The 3 Pillars Your Company Needs to Cultivate a Culture of Belonging Part two of a two-part series identifying how to build a company that people want to stay with.
Whether you are a startup with minimal funds or preside over a large workforce, it's the culture that will make people want to stay with your company. We need to start thinking about this from day one, because it's so hard to go back and fix your culture. As you define your company's environment, keep the following pillars in mind.
When I say I am purpose-driven, I mean that my purpose is defined by something far bigger than my outside life. For me, I want to level the playing field so that all women can disrupt. I want to change the way the world views female disrupters. I want to do this because I believe that all talent should thrive through work. And I realize everyone doesn't share my purpose.
We need to get dynamic on how we view purpose. Shifting and expanding our views on purpose alignment will help bring us closer to a more inclusive culture. If we recognize the person who has the purpose of changing the world through work, we must also recognize the person working to fulfill an alternative purpose, such as home and family. We must accept the varied and distinct reasons people work. And during a time when people are expecting more from their employers, we must respect an individual's resolve toward work — and then create a culture that supports it.
New company values
Workers were previously lured to companies based on pay and benefits, for the most part. While this is important, workers are expecting companies to raise the bar. It's no longer enough to simply provide a paycheck and basic healthcare. Instead, people now want to work for a company that values and respects how their workers spend their time within the company.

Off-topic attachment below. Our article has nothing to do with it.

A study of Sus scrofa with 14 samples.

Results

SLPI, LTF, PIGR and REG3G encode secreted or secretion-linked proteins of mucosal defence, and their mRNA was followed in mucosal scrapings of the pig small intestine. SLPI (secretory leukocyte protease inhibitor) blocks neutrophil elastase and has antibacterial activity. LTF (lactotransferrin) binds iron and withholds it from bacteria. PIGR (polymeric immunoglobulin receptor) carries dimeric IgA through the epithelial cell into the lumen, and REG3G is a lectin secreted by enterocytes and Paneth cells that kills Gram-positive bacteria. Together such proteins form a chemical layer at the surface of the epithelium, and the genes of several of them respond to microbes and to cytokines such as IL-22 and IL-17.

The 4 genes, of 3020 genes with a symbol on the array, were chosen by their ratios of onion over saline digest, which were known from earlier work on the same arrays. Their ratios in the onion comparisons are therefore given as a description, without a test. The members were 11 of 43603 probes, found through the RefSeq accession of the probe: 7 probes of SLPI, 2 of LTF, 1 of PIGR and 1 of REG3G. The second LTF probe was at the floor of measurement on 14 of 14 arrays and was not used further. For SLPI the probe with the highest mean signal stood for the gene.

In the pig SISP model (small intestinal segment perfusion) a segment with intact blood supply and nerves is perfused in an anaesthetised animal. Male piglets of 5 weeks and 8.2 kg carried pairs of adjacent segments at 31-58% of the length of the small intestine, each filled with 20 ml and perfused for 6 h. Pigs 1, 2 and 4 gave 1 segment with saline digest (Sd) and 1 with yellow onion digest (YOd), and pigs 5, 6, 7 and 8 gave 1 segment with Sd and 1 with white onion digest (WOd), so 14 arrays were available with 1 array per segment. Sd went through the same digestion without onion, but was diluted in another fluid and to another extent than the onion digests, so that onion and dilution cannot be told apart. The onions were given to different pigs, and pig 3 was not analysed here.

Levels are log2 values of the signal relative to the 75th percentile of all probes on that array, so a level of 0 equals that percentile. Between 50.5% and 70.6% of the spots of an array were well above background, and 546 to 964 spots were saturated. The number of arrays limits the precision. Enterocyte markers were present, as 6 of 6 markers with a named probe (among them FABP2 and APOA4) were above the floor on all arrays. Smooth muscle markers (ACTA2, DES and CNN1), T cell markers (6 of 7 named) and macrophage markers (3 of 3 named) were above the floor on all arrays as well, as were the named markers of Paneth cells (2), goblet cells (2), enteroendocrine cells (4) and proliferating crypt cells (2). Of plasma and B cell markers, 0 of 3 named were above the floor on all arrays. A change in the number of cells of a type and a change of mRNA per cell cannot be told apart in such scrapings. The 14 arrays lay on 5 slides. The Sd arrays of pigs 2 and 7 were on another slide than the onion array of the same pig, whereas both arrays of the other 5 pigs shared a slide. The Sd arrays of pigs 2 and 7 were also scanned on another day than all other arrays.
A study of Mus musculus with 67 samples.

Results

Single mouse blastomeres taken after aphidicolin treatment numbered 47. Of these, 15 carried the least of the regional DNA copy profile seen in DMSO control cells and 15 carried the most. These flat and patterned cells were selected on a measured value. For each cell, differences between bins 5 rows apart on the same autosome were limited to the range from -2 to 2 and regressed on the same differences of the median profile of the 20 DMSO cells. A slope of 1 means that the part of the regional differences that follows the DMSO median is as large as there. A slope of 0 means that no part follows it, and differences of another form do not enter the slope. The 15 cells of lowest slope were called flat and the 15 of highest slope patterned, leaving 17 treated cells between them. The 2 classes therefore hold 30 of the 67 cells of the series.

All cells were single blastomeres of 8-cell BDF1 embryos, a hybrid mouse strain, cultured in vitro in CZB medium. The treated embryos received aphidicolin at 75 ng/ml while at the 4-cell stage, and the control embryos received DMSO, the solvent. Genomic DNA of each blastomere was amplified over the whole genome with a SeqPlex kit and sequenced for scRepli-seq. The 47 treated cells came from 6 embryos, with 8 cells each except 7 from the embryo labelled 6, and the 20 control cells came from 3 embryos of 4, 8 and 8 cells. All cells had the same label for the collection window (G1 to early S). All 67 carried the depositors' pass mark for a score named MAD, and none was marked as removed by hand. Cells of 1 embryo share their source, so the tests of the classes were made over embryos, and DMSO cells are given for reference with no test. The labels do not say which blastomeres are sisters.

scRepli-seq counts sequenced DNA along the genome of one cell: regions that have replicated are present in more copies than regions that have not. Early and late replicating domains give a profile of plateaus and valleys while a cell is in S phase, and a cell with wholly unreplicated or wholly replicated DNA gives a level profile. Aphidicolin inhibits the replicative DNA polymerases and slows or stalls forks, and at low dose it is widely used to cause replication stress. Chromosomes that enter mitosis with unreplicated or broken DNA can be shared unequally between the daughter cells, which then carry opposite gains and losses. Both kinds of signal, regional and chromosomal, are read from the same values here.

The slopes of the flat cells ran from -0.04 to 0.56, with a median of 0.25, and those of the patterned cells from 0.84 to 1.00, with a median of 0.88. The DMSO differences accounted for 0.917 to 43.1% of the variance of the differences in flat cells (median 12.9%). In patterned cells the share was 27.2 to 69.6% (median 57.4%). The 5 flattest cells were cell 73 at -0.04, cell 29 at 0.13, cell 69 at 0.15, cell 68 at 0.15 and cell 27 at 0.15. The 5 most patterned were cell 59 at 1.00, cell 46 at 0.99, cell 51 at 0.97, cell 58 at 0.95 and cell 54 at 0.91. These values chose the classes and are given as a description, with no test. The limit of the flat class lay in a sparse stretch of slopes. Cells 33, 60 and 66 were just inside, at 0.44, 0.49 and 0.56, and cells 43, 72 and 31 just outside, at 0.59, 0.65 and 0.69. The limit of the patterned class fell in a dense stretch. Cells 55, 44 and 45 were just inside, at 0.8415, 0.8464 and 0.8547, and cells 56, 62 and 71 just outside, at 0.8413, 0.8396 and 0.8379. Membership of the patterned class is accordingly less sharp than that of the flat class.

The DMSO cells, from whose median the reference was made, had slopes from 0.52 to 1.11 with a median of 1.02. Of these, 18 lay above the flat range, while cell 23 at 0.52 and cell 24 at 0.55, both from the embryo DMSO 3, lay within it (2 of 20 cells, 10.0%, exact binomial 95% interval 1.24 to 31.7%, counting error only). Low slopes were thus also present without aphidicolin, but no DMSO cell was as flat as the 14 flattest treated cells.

More importantly, they want to work for a company that cares how they spend their time outside of it. For example, they expect to get mental health help, if needed — not just for themselves, but also for their family. They want to work for a company that supports and respects their ability to decompress when the work day is done.
Ultimately, people want to work for a company that invests in their well-being just as much as their financial health.
The employee experience
Rather than look at the employee xxperience, it's important to remember that employees hold significant power. Employee's experience represents the employee's perspective so much so that they can look in the mirror and say, "I belong at this company. I belong in this job."
The employee experience represents the top-down definition of the entity in defining how work will get done. The worker must be at the center of the organization's definition of employee experience. By doing so, we are going to retain valuable workers.
While traditional practices — tech and innovation — continue to contribute to a company's worth, it's not everything. The conventional life-cycle of a worker begins with their application and ends when they leave the company. But what if we extended this relationship beyond an employee's end date? By doing so, we allow for the growth of connection with each other and with the company itself. In return, employees are more likely to make referrals and recommendations to a company that they feel linked to and that holds their same values.
To this end, an employee's experience should now include the cultivation of these relationships. Working adults often find most of their friendships in current and previous workplaces. Organizations should recognize this and ask: What are we doing to set up these long-term relationships?
We need to establish a new set of values that support a worker's sense of belonging. If we focus on purpose alignment, new company values and the employee experience, we're headed in the right direction in creating a space where people feel it is the right place to stay.